Thanks to all of you who responded to my question. You've been a big
help. I received a lot of advice which I won't include here but will put
to good use (e-mail me privately if you want a copy of it). I am however
sending the list of rehearsal technique resources. Here was the question
I posed as an oboist who has recently acquired the job of church choir
director: "Does anyone have any suggestions about how I can become a good
choir director? Are there any instructional videos available about choral
conducting or choir rehearsal techniques? Should I take private voice
lessons?"
Bonnie Newton
Salt Lake City
thinkoboe(a)juno.com

Some of the Responses:

Videos:
"101 Things to Say to your choir to improve their sound 100%" by Douglas
Lawrence. Published by Thomas House Publications, it is about 2.5 hours
worth of great helps.

"What They See Is What You Get" by Rodney Eichenberger from FSU - Florida
State Univ. - Tallahassee

Chorister's Guild, which mainly deals with children's choirs, has an
excellent 2-part videotape on conducting by Jane Marshall. The format's
a little hokey, but Jane has ideas you won't find any where else.

Robert Shaw videos

ACDA has a some videos on conducting with Doreen Rao, they use children,
but conducting is pretty much the same.

"Group Vocal Techniques," (by Fraukke Hausemann and James Jordan) which
comes with a book and warm-up cards. Several music stores probably carry
it, but I know you can get it through the bookstore of Westminster Choir
College in Princeton, NJ.

Henry Leck has several videos that focus on children's choirs but will
give you many great ideas for warm-ups and vocal techniques for your
adults

Christine Jordanoff and Robert Page have a video and workbook out called
"Choral Triad Series." You may have to look up the the Duquesne
University web page (Pittsburgh, PA) to dig up an email address to ask
how to get one.
There are great posters, technique and rehearsal outlines in there.

set of three videos by Dr. Eph Ehly (Warner Bros.). Warner Bros. has
complied a series of clips from All-State Choir Rehearsals featuring Dr.
Ehly. Ehly is perhaps the most sought-after clinician in the United
States today. He is the head of the Choral Music Division at the
Conservatory at the University of Missouri-Kansas City.

Books:
The Complete Choral Warmup Book by Russell Robinson and Jay Althouse,
published by Alfred Music. Not only does it have great warmups but also a
section in the front on how to get a good choral blend. I highly
recommend it.

Lloyd Pfautsch's Mental Warm-ups for the Choral Director

Daniel Moe's Basic Choral Concepts (published by Augsburg).

Garretson, Conducting Choral Music, 8th ed. It's very comprehensive; for
instance, you get an appendix with choral composers listed, typical
octavos, typical collections. Sacred music is a huge part of the choral
repertoire, so it should help you in your church job.

Decker & Kirk: Choral Conducting, Communication

Heffernan, Choral Music: Technique & Artistry.

Conducting a Choir: A Guide for Amateurs. By Imogen Holst - this book
has lots of good advice for beginning choral conductors despite its
subtitle. Oxford University Press. It's a paperback, not very expensive,
and you can often find copies of it in places like B&N, Borders, Walden
Books, etc.

Kenneth Neidig & John Jennings, _Choral Director's Guide_, published by
Parker Publ. Co.

"Immediately Practical Tips for the choral Directors" by John Bertalot -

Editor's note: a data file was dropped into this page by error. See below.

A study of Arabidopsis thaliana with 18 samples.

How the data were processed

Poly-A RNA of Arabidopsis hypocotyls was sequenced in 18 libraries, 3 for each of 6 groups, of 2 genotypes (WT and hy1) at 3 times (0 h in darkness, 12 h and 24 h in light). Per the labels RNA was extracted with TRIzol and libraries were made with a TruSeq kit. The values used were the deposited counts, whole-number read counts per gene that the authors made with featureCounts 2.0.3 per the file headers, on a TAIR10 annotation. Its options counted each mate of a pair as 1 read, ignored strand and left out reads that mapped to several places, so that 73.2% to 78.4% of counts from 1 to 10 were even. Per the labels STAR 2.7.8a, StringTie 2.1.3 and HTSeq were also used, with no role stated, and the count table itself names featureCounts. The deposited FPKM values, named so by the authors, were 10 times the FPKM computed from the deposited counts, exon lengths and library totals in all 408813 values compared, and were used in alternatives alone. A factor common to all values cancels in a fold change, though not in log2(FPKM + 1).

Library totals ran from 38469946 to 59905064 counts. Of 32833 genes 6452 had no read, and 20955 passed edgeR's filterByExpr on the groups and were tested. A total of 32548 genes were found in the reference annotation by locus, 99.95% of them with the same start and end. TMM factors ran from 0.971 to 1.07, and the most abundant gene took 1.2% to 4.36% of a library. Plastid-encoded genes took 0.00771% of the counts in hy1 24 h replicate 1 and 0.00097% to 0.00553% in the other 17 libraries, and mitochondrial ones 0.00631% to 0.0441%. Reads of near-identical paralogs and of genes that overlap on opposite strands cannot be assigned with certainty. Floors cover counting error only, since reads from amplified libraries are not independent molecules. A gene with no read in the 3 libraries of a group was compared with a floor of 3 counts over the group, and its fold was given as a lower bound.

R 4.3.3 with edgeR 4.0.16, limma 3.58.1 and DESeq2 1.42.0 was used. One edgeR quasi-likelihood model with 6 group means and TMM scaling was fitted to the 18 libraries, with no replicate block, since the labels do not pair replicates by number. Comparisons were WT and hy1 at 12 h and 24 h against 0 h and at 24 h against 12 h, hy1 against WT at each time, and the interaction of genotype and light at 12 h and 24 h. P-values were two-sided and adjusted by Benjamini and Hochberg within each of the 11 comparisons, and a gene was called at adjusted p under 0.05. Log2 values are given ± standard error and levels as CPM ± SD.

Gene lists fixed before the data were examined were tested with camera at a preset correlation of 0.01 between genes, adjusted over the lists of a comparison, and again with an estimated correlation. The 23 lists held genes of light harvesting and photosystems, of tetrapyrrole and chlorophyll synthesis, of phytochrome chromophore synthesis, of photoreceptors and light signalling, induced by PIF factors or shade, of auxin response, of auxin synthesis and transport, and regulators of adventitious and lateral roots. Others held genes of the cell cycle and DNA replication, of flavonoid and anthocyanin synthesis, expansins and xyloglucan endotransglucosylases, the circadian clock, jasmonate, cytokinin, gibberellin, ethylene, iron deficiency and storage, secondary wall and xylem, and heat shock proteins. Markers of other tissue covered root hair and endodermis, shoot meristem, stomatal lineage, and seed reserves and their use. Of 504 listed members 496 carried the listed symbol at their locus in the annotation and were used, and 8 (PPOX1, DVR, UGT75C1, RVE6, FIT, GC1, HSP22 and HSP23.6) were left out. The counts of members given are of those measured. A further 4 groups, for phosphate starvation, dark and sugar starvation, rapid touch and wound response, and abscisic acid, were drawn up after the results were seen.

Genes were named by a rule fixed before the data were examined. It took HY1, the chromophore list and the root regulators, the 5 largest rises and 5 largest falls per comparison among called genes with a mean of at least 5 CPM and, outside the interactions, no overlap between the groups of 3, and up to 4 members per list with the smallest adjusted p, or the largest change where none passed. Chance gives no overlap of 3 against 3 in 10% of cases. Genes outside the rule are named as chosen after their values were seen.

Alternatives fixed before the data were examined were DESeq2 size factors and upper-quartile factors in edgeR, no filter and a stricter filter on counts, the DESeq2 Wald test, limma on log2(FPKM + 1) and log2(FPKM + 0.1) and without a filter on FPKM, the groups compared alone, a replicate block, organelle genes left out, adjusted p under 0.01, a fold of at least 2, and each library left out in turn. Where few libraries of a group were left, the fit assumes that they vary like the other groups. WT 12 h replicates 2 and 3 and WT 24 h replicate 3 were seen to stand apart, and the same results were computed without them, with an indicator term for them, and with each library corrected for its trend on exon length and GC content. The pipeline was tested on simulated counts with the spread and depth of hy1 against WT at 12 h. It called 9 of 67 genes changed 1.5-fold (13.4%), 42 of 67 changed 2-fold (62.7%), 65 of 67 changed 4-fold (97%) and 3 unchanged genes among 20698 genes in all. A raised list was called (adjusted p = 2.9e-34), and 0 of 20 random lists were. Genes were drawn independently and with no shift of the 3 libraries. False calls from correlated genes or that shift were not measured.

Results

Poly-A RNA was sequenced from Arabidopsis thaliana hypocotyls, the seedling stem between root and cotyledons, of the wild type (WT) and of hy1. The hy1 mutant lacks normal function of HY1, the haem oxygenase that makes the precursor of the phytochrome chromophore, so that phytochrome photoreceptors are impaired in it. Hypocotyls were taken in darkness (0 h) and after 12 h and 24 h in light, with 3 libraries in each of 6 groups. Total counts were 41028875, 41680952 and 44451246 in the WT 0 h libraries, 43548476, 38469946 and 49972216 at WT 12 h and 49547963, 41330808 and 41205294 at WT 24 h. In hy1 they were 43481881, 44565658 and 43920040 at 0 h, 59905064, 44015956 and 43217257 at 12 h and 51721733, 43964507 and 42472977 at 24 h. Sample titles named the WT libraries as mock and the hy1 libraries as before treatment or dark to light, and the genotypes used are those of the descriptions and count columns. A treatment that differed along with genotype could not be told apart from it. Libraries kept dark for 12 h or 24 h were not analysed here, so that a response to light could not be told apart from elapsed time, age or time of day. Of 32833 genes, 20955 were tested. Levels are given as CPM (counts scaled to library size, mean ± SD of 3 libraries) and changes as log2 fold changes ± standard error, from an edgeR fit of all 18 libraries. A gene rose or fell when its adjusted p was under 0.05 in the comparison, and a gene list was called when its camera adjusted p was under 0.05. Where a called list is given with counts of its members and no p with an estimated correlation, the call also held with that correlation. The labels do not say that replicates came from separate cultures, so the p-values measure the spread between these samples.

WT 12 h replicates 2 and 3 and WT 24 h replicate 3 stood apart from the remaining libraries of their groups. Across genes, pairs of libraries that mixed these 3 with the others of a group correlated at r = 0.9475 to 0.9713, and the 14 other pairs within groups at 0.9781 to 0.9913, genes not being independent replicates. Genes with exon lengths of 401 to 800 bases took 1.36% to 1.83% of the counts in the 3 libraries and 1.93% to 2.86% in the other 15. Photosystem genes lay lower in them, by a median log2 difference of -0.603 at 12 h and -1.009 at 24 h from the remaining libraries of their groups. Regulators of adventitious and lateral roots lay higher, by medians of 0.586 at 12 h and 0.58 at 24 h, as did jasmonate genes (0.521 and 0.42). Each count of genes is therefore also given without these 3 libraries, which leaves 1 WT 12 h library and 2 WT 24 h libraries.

regarding NON-musical aspects of choir directing. It covers the things
we didn't learn in music school, like managerial issues and the politics
of being a choir director. It's also an entertaining read, if a little
on the "folksy" side.

The Modern Conductor, by Elizabeth A.H. Green (Prentice Hall Publishers)

"Up Front! - Becoming the Complete Conductor" (ISBN 0-911318-19-4). The
book contains essays by top choral conductors and covers everything from
tone to rehearsal technique.

"The Grammar of Conducting" by Max Rudolph,

"The Choral Experience" by Ray Robinson and Allen Winold

Lloyd Pfautsch's "Choral Therapy"; Basic choral vocal technique in less
than one hundred pages.

"Choral Conducting, Focus on Communication" by Harold Decker and Colleen
Kirk; a textbook covering everything but the organizational stuff.

"Evoking Sound" by Jim Jordan

"Teaching Kids to Sing," By Kevin Phillips has great ideas if you're
going to be doing children and young teens.

Other Ideas:
Choral Journal, the monthly publication of the American Choral Directors
Association. Maybe join the organization, which runs marvelous
conventions, usually with a lot of how-to classes. The journal
frequently runs ads for conducting instruction videos.

VoiceCare Network, based at St. John's College in Minnesota (summer
workshops give you a 7-day week of concentrated work on vocal technique,
Alexander method, and carrying your vocal technique into your conducting,
which is essential.)

Presbyterian Association of Musicians or the Fellowship of United
Methodists in Music and Worship Arts.

American Choral Directors Association (ACDA)

American Guild of Organists (AGO).

Check with your local 4-year college or university and see if they offer
a Choral Conducting class

Choral Music Experience Workshops with Doreen Rao et al.






How do you handle a singer(lawyer) who thinks he is a cross between Pavarotti and Domingo. Has a wobble that is so pushed that it is so hard to blend. Has a ego that goes beyond Hubris. Does not think he knows it all, he knows matter of fact that he knows it all. People in the choir ask me to explain something, he has got to run his big mouth. I am so tired after practice from tolerating him. When he does cooperate and places the tone to where it doesn't stick out it is pretty good, but that is seldom. I try to make choir practice fun, enjoyable, a learning experience. He fights it tooth and nail. Excuse me for carrying on so.